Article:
Meadow View Farm

James Weaver has farming in his blood “My family’s farming roots go back to the 1500s in Switzerland. That’s why we immigrated to America – for an opportunity to farm.” The family business was handed down from father to son for generations. In 1978, James Weaver’s father handed him the reins of Meadow View Farm.  The late seventies and early eighties were not an easy time to launch a farm business: “I did what my dad did all his life because that was what he taught me to do. But it didn’t work anymore. It was get big or get out and I didn’t have any money to get bigger. I needed to make some changes.”

High quality produce was the answer, James explains. In 1987, “By the promptings of my parents we put up the first greenhouse [to grow produce]. We started selling at a tailgate market in Reading.  At that point, I discovered that I liked interaction with the customers [and] having something that the customers came back the next week and told me how good it was. It’s been a matter of growth every since.”  Today, Meadow View Farm has five greenhouses and a booming business.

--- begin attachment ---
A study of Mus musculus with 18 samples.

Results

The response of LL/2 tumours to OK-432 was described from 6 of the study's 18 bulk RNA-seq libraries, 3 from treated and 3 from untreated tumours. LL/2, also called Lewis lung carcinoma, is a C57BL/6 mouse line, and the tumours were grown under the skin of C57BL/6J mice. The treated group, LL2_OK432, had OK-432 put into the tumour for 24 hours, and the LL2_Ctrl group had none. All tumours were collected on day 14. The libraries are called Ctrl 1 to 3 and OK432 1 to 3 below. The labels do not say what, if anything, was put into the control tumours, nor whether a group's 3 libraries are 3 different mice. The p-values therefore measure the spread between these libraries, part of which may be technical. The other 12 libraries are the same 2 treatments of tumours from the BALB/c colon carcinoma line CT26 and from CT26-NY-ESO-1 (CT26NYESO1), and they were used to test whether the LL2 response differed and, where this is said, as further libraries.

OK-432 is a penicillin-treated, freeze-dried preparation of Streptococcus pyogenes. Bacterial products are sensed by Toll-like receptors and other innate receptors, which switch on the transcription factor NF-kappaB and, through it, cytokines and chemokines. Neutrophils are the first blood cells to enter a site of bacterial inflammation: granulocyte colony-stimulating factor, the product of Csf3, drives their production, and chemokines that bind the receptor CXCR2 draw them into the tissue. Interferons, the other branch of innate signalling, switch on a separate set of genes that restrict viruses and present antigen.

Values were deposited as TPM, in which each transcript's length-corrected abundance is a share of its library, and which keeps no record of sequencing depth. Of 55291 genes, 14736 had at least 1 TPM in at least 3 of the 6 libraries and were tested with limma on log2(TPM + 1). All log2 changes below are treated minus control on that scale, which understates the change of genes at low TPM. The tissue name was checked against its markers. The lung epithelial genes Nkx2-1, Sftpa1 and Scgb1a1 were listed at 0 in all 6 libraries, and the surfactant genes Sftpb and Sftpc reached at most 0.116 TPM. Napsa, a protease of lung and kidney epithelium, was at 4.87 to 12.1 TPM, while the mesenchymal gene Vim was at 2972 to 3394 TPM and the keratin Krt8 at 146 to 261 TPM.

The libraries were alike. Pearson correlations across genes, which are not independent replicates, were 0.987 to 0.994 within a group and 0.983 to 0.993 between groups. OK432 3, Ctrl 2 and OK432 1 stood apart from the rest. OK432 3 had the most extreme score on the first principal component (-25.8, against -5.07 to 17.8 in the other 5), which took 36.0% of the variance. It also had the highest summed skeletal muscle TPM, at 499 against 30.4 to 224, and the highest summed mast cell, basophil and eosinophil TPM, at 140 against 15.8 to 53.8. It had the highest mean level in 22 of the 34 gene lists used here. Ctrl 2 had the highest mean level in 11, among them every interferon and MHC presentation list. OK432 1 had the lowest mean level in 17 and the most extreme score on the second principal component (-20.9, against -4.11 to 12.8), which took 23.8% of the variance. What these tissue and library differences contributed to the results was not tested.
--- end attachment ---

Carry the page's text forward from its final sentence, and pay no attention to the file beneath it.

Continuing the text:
The farm is most known for its 200 varieties of hot peppers and over 150 heirloom tomatoes. James Weaver is so well recognized for his expertise in growing heirlooms that people bring him seeds and demand that he preserve their heritage along with the plants. “People come to me on a yearly basis with their seeds and insist that I grow them. They say: You have to grow this tomato!  It was named after my mother but I am the last of the gardeners, my children don’t want it. Please keep on growing them!”

With three generations currently working on the farm, the Weaver family is committed to keeping the business strong for years to come.  According to James, the way to do that is simple: listen, pay attention, and plan accordingly: “If there is anything to which we can attribute the success [of this farm] it is that we keep our finger to the wind to find out what is going on, spot what is coming, and then work towards that goal.” More than just a business, growing good food is a passion in the Weaver family.  If given a chance, James Weaver wouldn’t choose any other job. “Farming is all that I have known – ever.  I would much rather go out and pack tomatoes at 5:30 in the morning than anything else. It’s also about the fact that people love fresh produce. I am making people feel good all day long with what I grow.”